Sometimes we need to be reminded just how unequal our relationship with God is.
King Benjamin taught that if we serve God with all of our souls for the rest of our lives, we would still be “unprofitable servants.” God has already given us far more than we could ever hope to repay, and the gap continues to widen as He blesses us every day. Anything we do for Him is a symbolic gesture at best, a demonstration of our love for Him but insignificant compared with His gifts to us. (See Mosiah 2:20-25.)
In a brief period of peace during King David’s reign, he had a generous thought: I could build a house for God. Years earlier, as the children of Israel traveled in the wilderness, God had specified in detail how they should build him a moveable house called the tabernacle. (See Exodus 25-31.) But now the children of Israel had been in the promised land for centuries, and they had not built Him a more permanent home. The ark of the covenant, where God had promised to appear to His prophet, had been on the move, from Gibeah to the house of Obed-edom, and finally to Jerusalem (2 Samuel 6). It seemed to David that God deserved something more stable.
David approached the prophet Nathan with his proposal: “See now, I dwell in an house of cedar, but the ark of God dwelleth within curtains.” Before David gave any more details, Nathan responded, “Go, do all that is in thine heart; for the Lord is with thee” (2 Samuel 7:2-3, 1 Chronicles 17:1-2).
But God had a different answer for David, and in the quiet of the night, Nathan received a revelation on David’s behalf in which the Lord said:
- I didn’t ask you to build me a house (2 Samuel 7:5-7, 1 Chronicles 17:4-6).
- You didn’t build your house—I did. “I took thee from the sheepcote, from following the sheep, to be ruler over my people” (2 Samuel 7:8-11, 1 Chronicles 17:7-10).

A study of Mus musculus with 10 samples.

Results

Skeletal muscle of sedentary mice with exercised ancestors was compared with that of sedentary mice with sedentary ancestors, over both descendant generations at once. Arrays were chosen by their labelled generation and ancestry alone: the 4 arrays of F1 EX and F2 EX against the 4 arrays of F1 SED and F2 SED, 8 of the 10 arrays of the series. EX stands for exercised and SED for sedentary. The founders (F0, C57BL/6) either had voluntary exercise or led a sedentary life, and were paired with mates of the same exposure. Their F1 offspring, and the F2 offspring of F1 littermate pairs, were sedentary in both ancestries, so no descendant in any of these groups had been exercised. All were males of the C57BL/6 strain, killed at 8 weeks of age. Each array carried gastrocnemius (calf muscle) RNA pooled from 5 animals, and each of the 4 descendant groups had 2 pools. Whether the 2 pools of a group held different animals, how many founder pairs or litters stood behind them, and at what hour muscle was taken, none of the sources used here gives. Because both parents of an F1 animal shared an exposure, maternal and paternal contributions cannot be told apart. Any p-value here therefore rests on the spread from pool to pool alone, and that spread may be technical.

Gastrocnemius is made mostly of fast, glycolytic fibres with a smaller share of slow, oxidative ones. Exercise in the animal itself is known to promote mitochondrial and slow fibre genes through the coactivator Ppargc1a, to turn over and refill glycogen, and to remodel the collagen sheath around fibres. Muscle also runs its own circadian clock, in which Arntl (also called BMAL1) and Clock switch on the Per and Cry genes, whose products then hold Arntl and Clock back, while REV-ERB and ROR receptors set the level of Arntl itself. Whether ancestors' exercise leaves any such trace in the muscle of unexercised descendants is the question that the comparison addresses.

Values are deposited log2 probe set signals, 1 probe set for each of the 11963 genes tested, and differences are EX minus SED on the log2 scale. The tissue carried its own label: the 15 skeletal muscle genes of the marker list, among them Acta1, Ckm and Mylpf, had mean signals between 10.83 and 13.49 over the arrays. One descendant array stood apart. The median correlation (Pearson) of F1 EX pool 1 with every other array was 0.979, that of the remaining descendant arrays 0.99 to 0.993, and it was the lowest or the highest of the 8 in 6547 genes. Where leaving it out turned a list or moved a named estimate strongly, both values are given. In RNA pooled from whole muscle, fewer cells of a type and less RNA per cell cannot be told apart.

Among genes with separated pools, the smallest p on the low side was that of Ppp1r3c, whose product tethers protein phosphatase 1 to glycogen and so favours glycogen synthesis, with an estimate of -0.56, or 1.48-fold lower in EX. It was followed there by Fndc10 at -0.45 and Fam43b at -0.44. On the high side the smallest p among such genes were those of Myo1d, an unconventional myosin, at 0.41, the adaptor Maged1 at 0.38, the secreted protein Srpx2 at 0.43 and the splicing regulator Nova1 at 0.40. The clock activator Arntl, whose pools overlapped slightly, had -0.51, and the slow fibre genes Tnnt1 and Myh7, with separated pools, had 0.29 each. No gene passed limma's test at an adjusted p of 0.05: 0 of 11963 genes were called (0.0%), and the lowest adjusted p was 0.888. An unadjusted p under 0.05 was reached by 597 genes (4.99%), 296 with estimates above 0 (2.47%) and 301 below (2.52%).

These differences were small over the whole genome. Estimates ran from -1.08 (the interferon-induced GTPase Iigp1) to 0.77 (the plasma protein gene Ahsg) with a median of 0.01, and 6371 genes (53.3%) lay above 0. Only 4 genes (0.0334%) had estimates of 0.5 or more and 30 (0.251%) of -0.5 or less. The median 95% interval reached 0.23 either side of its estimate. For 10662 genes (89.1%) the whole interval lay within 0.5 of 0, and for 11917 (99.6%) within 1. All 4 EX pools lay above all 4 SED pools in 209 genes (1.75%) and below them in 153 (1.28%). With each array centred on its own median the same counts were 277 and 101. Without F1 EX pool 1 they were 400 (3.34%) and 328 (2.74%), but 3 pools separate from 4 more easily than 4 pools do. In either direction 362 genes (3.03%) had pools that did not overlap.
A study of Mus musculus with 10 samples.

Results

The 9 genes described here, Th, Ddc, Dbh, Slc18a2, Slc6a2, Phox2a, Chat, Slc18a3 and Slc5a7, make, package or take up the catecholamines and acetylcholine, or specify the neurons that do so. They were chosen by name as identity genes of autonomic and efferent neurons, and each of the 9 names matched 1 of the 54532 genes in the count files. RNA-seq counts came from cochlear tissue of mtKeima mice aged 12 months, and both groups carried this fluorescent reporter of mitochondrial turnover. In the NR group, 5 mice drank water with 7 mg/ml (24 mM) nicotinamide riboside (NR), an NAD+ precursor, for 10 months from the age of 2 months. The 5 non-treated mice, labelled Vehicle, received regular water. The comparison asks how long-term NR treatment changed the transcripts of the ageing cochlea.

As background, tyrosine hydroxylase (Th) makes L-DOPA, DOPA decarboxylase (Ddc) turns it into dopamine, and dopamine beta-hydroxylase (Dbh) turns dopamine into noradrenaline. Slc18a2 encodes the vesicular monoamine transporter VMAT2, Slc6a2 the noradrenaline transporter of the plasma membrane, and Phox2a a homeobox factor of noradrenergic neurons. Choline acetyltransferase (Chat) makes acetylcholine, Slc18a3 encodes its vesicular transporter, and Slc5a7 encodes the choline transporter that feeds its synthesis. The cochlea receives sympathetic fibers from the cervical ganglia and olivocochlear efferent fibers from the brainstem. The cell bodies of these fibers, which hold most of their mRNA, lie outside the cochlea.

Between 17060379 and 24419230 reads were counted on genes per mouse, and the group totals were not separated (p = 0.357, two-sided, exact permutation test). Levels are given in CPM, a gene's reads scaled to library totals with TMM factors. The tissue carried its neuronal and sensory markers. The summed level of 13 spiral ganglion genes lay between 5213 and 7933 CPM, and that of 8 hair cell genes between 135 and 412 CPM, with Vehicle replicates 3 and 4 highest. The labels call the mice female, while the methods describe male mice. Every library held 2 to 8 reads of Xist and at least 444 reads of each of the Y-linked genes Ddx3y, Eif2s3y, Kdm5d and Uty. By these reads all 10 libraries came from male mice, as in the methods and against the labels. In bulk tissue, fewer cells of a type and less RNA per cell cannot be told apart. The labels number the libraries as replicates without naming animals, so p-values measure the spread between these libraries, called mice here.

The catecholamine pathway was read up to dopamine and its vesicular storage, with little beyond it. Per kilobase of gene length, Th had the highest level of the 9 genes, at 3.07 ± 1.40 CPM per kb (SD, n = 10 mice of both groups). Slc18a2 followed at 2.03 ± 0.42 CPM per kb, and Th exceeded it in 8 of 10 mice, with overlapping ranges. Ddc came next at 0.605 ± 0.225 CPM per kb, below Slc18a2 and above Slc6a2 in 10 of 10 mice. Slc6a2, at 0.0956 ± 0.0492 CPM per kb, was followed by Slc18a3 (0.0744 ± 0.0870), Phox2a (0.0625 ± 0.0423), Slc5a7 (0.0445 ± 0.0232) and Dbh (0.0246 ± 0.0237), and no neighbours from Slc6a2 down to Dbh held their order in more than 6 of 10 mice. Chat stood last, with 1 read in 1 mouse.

- Your son will build a house for me (2 Samuel 7:12-14, 1 Chronicles 17:11-12).
- I will establish your house and your kingdom forever (2 Samuel 7:15-17, 1 Chronicles 17:13-14).
There were doubtless multiple reasons why David wasn’t allowed to build a temple. His son Solomon identified a logistical one: Because David was at war for most of his reign, he may simply not have had the bandwidth to focus on such a large project. (See 1 Kings 5:3-5.) But far more significant to David than the Lord’s rejection of his offer was the Lord’s corresponding promise: “I will build thee an house” (2 Samuel 7:27, italics added; see also 2 Samuel 7:11, 1 Chronicles 17:10, 25).
Jesus said, “In my Father’s house are many mansions…. I go to prepare a place for you” (John 14:2). On the American continent, He told his followers that He had “prepared a house for man…among the mansions of [His] father, in which man might have a more excellent hope” (Ether 12:32). God is building our eternal home, and it is far grander than anything we could possibly build for Him.
After Solomon built the temple, he shared with the people something else God had told his father: “Whereas it was in thine heart to build an house unto my name, thou didst well that it was in thine heart” (1 Kings 8:18, 2 Chronicles 6:8). Even though David would not have the privilege of building the temple, God acknowledged and appreciated David’s unfulfilled desire.
Today, I will be grateful for the house God is building for me. As I strive to contribute to His work, I will remember that anything I can do for Him is immaterial compared with what He does for me. He does not need my gifts, but He nevertheless appreciates them as an expression of my love for Him.